The Grand Court has confirmed that shareholders of companies that effect a short-form merger pursuant to Section 233(7) of Part XVI of the Companies Act (2021 Revision) are entitled to be paid the fair value of their shares on dissenting from the merger under Section 238 of the act.
The eagerly awaited judgment in Changyou.com(1) clarifies an issue which was previously the subject of extensive debate and provides welcome certainty to minority shareholders of Cayman companies.
A typical long-form merger must ordinarily be approved by a special majority of its members.(2) A member who wishes to dissent from a long-form merger must object to it in writing before the shareholder vote.(3) If the merger is subsequently approved, the company must then give a notice of authorisation to each member who provided a written objection.(4) Any member who objected to the merger may then elect to give a notice of dissent.(5) Upon dissenting from the merger, the member ceases to have rights as a shareholder but becomes entitled to payment of the fair value of their shares, which must be determined by the Grand Court under Section 238 of the Companies Act (2021 Revision).(6)
However, in a short-form merger, where a parent merges with a subsidiary in which the parent already holds 90% of the voting power, a special resolution of its members is not required.(7) In the absence of there being a shareholder vote, it was previously unclear whether the consequential statutory process described above (in respect of long-form mergers) could apply and, consequently, whether shareholder appraisal rights were available to members in short-form mergers.
Changyou.com Limited (Changyou) is a Cayman Islands-incorporated company and a developer and operator of online and mobile games. It operates in China and was formerly listed on the NASDAQ stock exchange. Prior to the merger, over 90% of Changyou's voting power was held by its parent company. In merger documents and filings with the US Securities and Exchange Commission, Changyou proposed to merge with its parent and delist from the NASDAQ (thereby effectively forcing out the minority independent shareholders under a short-form merger). Changyou asserted that dissent rights under Section 238 did not apply in these circumstances. Certain shareholders (petitioners) disagreed with Changyou's interpretation of the relevant provisions of the Companies Act (2021 Revision) and purported to formally dissent from the merger in accordance with the terms of that statute.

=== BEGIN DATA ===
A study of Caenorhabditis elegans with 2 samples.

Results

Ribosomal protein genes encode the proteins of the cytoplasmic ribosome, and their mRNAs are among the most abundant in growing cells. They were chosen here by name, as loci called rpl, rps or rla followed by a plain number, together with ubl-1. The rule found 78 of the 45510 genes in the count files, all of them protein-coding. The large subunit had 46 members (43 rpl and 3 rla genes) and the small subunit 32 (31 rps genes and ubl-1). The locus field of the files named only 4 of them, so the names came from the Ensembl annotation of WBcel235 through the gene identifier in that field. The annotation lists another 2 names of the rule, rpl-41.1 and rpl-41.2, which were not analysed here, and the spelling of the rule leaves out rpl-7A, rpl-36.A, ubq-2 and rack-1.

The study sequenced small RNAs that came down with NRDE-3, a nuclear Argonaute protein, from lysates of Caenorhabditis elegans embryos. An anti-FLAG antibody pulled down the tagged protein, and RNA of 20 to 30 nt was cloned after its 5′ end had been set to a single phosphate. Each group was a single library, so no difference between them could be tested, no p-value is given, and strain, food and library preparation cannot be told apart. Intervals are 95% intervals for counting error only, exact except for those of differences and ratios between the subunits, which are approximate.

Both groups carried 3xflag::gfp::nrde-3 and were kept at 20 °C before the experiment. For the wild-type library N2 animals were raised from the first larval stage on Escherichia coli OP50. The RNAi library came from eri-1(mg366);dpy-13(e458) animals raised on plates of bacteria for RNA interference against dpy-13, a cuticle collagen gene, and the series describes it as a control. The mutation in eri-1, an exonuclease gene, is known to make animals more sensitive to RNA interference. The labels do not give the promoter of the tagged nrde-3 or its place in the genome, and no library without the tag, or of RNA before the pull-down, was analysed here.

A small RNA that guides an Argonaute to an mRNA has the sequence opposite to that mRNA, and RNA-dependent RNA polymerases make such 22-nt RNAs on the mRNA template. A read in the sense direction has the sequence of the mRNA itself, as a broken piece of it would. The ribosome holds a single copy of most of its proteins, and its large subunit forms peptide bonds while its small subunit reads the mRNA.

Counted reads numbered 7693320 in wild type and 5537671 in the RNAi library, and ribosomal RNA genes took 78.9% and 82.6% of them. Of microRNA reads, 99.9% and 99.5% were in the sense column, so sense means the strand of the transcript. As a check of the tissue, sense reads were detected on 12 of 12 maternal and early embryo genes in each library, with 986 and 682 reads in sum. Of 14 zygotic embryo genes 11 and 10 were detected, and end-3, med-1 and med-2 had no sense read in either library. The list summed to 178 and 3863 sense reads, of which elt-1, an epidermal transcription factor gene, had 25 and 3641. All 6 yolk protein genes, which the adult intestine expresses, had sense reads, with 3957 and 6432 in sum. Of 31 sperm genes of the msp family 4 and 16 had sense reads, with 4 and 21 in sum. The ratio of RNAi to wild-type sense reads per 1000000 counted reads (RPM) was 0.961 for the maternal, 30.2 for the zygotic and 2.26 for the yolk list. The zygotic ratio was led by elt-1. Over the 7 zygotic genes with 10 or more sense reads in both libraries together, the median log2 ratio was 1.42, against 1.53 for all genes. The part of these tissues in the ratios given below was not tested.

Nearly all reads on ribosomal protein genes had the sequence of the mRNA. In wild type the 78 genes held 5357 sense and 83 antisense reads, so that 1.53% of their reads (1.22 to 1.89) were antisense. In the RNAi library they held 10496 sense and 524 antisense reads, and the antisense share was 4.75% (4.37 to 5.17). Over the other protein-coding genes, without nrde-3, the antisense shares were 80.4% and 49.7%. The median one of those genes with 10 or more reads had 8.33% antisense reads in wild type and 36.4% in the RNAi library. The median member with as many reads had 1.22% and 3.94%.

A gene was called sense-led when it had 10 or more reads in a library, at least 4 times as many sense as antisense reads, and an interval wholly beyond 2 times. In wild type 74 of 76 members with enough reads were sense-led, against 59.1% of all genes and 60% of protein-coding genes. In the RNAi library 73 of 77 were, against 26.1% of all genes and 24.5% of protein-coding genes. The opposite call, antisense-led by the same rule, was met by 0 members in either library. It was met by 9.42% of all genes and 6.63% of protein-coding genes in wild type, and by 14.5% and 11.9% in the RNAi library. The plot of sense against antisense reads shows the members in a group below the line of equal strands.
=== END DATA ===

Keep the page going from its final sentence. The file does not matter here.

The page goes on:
Changyou contended that appraisal rights can be exercised only by shareholders who dissent from a merger in which there is a shareholder vote (ie, a long-form merger). It argued that as no vote is required for a short-form merger, no appraisal rights were available.
Accordingly, the Grand Court was asked to adjudicate whether members of a subsidiary in a short-form merger are entitled to payment of the fair value of their shares and, if so, what steps (if any) must be taken in order for such members to dissent.
The Grand Court disagreed with Changyou's interpretation of the Companies Act (2021 Revision), which it found:
effectively elevated the procedural or mechanical provisions contained in subsections 238(2) to 238(16), for the access to and conduct of an appraisal, to the status of the substantive right to fair value appraisal conferred by subsection 238(1).(8)
The Grand Court held that the petitioners should not be precluded from accessing the rights afforded by Section 238 because of a mismatch between the mechanical provisions of that section and the substantive right to fair value conferred by Section 238(1). The Grand Court found that this would result in absurdity and was not what the legislature had intended. The court determined that, properly construed, Section 238 should be read so as to allow the appraisal process to operate in the absence of any vote authorising the merger.
The Grand Court agreed with the petitioners that:
The Grand Court therefore determined that the right to payment of fair value for shareholdings upon dissenting from a merger is an absolute right, which can be exercised in a short-form merger by giving a notice of dissent to the company within 20 days of the plan of merger being provided. The petitioners were held to have validly exercised that right.
Subject to any appeal, the petitioners' shareholder appraisal action will now be tried in the usual way.
While the majority of mergers effected under Part XVI of the Companies Act (2021 Revision) to date have been long-form mergers, there have been several short-from mergers, the majority of which have denied shareholders the right to dissent and be paid fair value.
Until now, an acquirer who wished to take a publicly held company private, but held less than 90% of the target company's voting power, could seek to acquire more shares in order to cross the 90% threshold in order to try to effect a short-form merger and not recognise shareholder appraisal rights. However, any former perception that this strategy precluded minority shareholders having appraisal rights has been dispelled by the ruling in Changyou.
For further information on this topic please contact Marc Kish or Farrah Sbaiti at Ogier's Grand Cayman office by telephone (+1 345 949 9876) or email (email@example.com or firstname.lastname@example.org). Alternatively, contact Jeremy Snead at Ogier's London office by telephone (+44 1481 752301) or email (email@example.com) or Shaun Maloney at Ogier's Jersey office by telephone (+44 1534 504 000) or email (firstname.lastname@example.org). The Ogier website can be accessed at www.ogier.com.